An injectable gel could change the ability of contractile heart muscle cells to regenerate after myocardial infarction (MI), according to researchers at the University of Pennsylvania.
Edward Morrisey, MD, lead author of the study and the namesake of Penn’s Morrisey lab, which studies signaling pathways involved in heart and lung development, worked with a team to produce and test this innovative gel in an effort to improve the lifespan of heart patients. Since, after a heart attack, mammals’ hearts are unable to properly regenerate cardiomyocytes, cardiac patients are left with a heart that pumps less blood that it should, increasing mortality rates.
The researchers tested the new substance in three groups of mice: normal, healthy mice; “Confetti” mice who are genetically engineered to have individual cardiomyocytes that randomly express one of four fluorescent proteins; and mice who had induced heart attacks.
Within days of injection, the first group of mice saw increased cardiomyocyte production in their heart tissue. After inducing MI in the Confetti mice, Morrisey and colleagues found cardiomyocytes were growing and clustering. The third cohort showed improved recovery rates, as well, with minor increases in heart size and significant differences in ejection fraction.
It’s unknown exactly what keeps cardiomyocytes from reproducing after myocardial infarction, Morrisey et al. wrote, but the gel they created is able to inhibit those “stop” signals by targeting signaling pathways related to cell proliferation. To achieve this, the substance slowly releases microRNA sequences into the heart muscle.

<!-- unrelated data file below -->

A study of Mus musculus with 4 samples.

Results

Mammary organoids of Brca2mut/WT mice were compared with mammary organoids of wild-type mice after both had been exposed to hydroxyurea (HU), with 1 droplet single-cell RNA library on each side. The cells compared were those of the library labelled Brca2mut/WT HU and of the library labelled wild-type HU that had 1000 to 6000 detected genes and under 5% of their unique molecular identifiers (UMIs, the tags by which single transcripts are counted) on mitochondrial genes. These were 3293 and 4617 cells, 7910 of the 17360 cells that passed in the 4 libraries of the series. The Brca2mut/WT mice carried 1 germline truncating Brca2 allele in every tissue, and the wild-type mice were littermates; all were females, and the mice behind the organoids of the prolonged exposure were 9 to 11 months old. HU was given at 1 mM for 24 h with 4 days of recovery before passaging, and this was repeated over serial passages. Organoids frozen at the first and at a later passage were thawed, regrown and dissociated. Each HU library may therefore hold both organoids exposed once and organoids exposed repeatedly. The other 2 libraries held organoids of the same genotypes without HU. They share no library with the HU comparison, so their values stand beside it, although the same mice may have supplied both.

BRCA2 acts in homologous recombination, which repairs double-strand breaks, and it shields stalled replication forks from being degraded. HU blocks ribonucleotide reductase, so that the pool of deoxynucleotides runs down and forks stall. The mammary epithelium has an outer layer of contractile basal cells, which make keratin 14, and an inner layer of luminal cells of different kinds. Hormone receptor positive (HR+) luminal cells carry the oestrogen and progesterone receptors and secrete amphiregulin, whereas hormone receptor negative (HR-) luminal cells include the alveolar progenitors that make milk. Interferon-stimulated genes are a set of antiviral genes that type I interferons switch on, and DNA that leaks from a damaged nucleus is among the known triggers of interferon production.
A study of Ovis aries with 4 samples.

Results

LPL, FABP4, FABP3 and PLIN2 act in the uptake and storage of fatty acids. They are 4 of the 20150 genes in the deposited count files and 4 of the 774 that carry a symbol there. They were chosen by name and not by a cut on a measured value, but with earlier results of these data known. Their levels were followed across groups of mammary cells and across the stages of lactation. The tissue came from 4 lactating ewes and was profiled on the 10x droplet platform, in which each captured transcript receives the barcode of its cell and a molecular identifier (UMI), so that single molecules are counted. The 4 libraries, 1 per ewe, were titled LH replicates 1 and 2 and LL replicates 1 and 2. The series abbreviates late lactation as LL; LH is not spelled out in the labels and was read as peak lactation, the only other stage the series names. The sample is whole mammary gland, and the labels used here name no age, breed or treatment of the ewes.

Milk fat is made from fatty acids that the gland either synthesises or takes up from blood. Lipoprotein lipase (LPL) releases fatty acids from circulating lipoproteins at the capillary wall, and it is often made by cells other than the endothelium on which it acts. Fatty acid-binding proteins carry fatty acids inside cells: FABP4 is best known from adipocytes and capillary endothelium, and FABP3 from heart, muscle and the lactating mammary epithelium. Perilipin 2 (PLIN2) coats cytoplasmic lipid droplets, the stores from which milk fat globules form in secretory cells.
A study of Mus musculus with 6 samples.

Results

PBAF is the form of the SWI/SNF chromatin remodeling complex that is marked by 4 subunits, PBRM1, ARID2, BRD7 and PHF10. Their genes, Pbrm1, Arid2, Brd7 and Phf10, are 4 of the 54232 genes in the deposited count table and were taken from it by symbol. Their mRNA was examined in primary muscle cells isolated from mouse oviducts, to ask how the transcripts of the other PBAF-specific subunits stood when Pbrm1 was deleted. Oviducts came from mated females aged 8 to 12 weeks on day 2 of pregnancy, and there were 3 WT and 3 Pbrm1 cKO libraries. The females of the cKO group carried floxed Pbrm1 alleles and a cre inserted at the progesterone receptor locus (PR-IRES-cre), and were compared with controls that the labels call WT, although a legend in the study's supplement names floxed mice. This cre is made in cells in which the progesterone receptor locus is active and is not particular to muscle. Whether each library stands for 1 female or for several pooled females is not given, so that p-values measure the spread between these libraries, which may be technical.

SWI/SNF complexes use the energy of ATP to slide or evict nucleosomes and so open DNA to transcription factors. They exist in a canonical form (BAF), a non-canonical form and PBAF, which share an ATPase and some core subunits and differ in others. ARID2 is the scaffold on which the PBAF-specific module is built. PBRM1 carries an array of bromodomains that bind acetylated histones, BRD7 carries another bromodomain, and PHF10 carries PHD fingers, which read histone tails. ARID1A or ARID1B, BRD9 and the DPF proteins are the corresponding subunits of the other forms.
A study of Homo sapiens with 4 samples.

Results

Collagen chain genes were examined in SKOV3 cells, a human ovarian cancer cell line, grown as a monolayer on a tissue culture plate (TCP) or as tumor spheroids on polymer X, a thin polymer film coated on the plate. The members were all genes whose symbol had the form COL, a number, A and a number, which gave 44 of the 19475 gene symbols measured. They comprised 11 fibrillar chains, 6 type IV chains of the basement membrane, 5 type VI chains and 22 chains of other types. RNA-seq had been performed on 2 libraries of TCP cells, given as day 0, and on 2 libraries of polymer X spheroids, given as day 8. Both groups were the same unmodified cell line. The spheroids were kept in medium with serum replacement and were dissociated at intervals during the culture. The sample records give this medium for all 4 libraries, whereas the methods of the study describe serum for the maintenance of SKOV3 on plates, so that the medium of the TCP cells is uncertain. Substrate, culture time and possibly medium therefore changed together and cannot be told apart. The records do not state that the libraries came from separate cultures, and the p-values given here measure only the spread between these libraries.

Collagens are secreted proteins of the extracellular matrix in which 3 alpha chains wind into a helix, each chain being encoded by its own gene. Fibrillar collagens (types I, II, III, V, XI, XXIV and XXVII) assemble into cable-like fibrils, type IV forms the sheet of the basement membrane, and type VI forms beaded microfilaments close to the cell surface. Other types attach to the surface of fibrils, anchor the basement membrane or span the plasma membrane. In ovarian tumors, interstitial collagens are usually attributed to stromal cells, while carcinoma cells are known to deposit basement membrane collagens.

The gel was specifically designed for this purpose, the authors wrote, so it’s both shear-thinning and self-healing, meaning its tough bonds can be broken under mechanical stress, allowing increased fluidity, and its bonds are able to reform after being exposed to stress.
Though it was successful in preliminary trials with rodent models, the researchers quickly identified the gel’s shortcomings.
“Biologic drugs turn over very fast,” Morrisey said in a release from Penn. “The microRNAs that we used last less than eight hours in the bloodstream, so having a high local concentration has strong advantages.”
Because of this, they wrote, large amounts of the substance would have to be injected frequently into the heart muscle to achieve optimum results.
Since the results of this study, published in Nature Biomedical Engineering this week, were so positive, the authors said in the Penn release they’re moving to the next step of this project—testing the microRNA gel in vitro and in pig hearts, which are more humanlike than rodents’.
“We’re seeing a change in approaches for regenerative medicine, using alternatives to stem cell delivery,” co-author Jason Burdick, PhD, said. “Here, instead of introducing new cells that can have their own delivery challenges, we’re simply turning on repair mechanisms in cells that survive injury in the heart and other tissues.”